Goodies’ sales require a class

Sean Sauro, Staff Writer

Club members who hold bake sales as a way to raise funds may have been concerned after hearing rumors that Pitt-Johnstown administrators weren’t going to allow homemade food sales on campus.

However, after realizing that bake sales are a good revenue source, university administrators partnered with Sodexo management to put in place a food-preparation training program to reduce liability issues.

The training was put in place to increase campus safety by decreasing potential health risks, Student Life Director Sherri Rae said.

“Allowing students who do not have proper food-safety training to prepare and serve foods without maintaining proper standards … opens them up to issues like food poisoning,” she said.

“In addition, students with food allergies are not able to know food allergens may be in the food they buy,” Rae said.

While rules regarding food preparation have changed, Rae said students who choose to hold bake sales will sign up like they normally would, and then she will aid them to schedule training.

“Once I review the form and see what food is being sold, I put the student in charge of the event in touch with one of the Sodexo managers,” Rae said.

Sodexo retail manager Paula Bloom said the training is to focus mostly on food handling.

“It’s to make sure it is handled properly from the time they pick it up to the time they cook and prepare it,” she said, adding that the trainees will be given a 12-step handout.

Sodexo managers are to instruct the students in the same way the managers were instructed when learning to prepare food, Bloom said.

“It’s not quite as intense, but it will be a general training,” she said. “It’s basically protecting the students and the university and ensuring quality and safety.”

Though training is to be brief, Bloom said she and the Sodexo staff take food preparation seriously, and they want to eliminate food contamination.

“It can happen very easily,” she said, adding that as of last Wednesday, no groups have received training.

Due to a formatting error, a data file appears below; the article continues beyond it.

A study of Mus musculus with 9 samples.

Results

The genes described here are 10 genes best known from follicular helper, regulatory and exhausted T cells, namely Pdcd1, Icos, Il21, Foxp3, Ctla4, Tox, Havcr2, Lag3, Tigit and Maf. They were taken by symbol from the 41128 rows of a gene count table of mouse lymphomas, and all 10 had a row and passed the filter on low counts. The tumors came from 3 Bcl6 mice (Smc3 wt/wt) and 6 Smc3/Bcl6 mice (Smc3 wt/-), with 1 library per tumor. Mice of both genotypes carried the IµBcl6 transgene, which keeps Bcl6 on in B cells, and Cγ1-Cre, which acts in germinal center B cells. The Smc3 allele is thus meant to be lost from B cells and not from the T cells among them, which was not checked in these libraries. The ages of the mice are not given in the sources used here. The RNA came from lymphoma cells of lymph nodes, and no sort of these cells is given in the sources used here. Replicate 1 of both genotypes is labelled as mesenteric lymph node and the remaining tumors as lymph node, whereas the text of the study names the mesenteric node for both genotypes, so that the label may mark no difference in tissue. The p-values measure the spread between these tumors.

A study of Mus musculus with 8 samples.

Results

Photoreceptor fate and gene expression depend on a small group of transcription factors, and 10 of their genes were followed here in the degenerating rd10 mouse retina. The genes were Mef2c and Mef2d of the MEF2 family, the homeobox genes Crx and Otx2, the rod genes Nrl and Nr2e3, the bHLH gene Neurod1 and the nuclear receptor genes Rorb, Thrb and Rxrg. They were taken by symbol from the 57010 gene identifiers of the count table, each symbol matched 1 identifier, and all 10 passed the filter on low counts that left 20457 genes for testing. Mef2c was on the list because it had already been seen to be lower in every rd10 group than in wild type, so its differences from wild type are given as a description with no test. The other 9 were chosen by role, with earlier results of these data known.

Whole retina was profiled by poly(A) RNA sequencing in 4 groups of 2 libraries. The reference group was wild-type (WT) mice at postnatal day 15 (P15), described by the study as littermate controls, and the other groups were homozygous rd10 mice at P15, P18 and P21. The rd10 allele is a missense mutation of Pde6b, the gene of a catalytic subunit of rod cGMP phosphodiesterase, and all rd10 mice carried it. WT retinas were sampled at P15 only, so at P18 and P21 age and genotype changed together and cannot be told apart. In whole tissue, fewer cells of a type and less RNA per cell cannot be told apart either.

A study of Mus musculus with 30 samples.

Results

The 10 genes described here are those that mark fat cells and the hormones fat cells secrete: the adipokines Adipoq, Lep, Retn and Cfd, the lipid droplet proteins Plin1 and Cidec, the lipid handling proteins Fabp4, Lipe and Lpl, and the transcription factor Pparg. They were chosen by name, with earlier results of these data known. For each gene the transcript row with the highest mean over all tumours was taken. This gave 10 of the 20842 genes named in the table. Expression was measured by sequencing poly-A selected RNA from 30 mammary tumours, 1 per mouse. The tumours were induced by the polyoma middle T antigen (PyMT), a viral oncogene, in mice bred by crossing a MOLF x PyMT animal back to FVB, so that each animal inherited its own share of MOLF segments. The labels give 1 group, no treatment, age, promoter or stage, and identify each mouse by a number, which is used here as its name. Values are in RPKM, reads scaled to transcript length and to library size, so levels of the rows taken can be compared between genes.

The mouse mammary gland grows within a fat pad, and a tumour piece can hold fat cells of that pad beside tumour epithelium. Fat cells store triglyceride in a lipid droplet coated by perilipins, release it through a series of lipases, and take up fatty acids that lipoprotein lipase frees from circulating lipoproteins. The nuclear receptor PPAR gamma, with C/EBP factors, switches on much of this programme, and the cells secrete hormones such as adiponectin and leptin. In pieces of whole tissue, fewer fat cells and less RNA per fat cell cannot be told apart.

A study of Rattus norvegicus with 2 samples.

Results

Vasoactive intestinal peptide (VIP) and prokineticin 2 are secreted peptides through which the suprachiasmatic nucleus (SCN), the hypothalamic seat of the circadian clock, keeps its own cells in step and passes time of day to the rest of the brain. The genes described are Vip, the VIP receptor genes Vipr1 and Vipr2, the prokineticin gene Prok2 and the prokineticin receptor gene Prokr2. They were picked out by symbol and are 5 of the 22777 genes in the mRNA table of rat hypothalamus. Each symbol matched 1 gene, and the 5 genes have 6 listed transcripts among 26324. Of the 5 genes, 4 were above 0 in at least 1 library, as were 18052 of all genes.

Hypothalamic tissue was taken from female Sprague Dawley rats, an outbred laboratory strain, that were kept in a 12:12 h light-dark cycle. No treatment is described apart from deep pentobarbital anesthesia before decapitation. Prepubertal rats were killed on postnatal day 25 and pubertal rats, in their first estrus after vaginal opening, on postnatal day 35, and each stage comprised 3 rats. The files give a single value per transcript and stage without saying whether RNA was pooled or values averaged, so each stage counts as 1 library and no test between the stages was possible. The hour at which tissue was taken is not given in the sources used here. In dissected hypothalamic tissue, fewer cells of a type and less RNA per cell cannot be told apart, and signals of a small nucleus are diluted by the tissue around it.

“I’m waiting for a group to contact me,” Bloom said. “They’re doing a breakfast service on Saturday.”

At the training, students also are to be given gloves and thermometers to use during preparation.

Ultimate Frisbee Team Captain Ben Wajnarowski said he is pleased that his team will be able to hold bake sales.

“We do a lot of bake sales for fundraisers,” he said. “It’s definitely our No. 1 way of getting revenue. We do about a half dozen or more.”

Before hearing about the possible ban on bake sales, Wajnarowski said he and his teammates had a bake sale scheduled but had to cancel it.

“We literally had all of our signups and got ready to start baking,” he said, adding that the team is now planning another sale.

“If they had cut (bake sales) off completely, it would have been a serious problem for our organization,” Wajnarowski said, explaining that he sees no risk in holding the sales.

“It’s just a four-or-five-hour thing where we sell sweet treats.”

While his organization is pleased that the proposed ban was dismissed, Wajnarowski said he thinks the training will be mundane.

“It’s not like it’s going to be hard, and it’s not like they’re going to teach us stuff other than basic health,” he said. Most college age students should already know these things, he said.

“I think it’s just kind of stupid and pointless,” he said. “It’s just political.”

New rules and standards put in place for bake sales are to affect all non-university food sales on campus.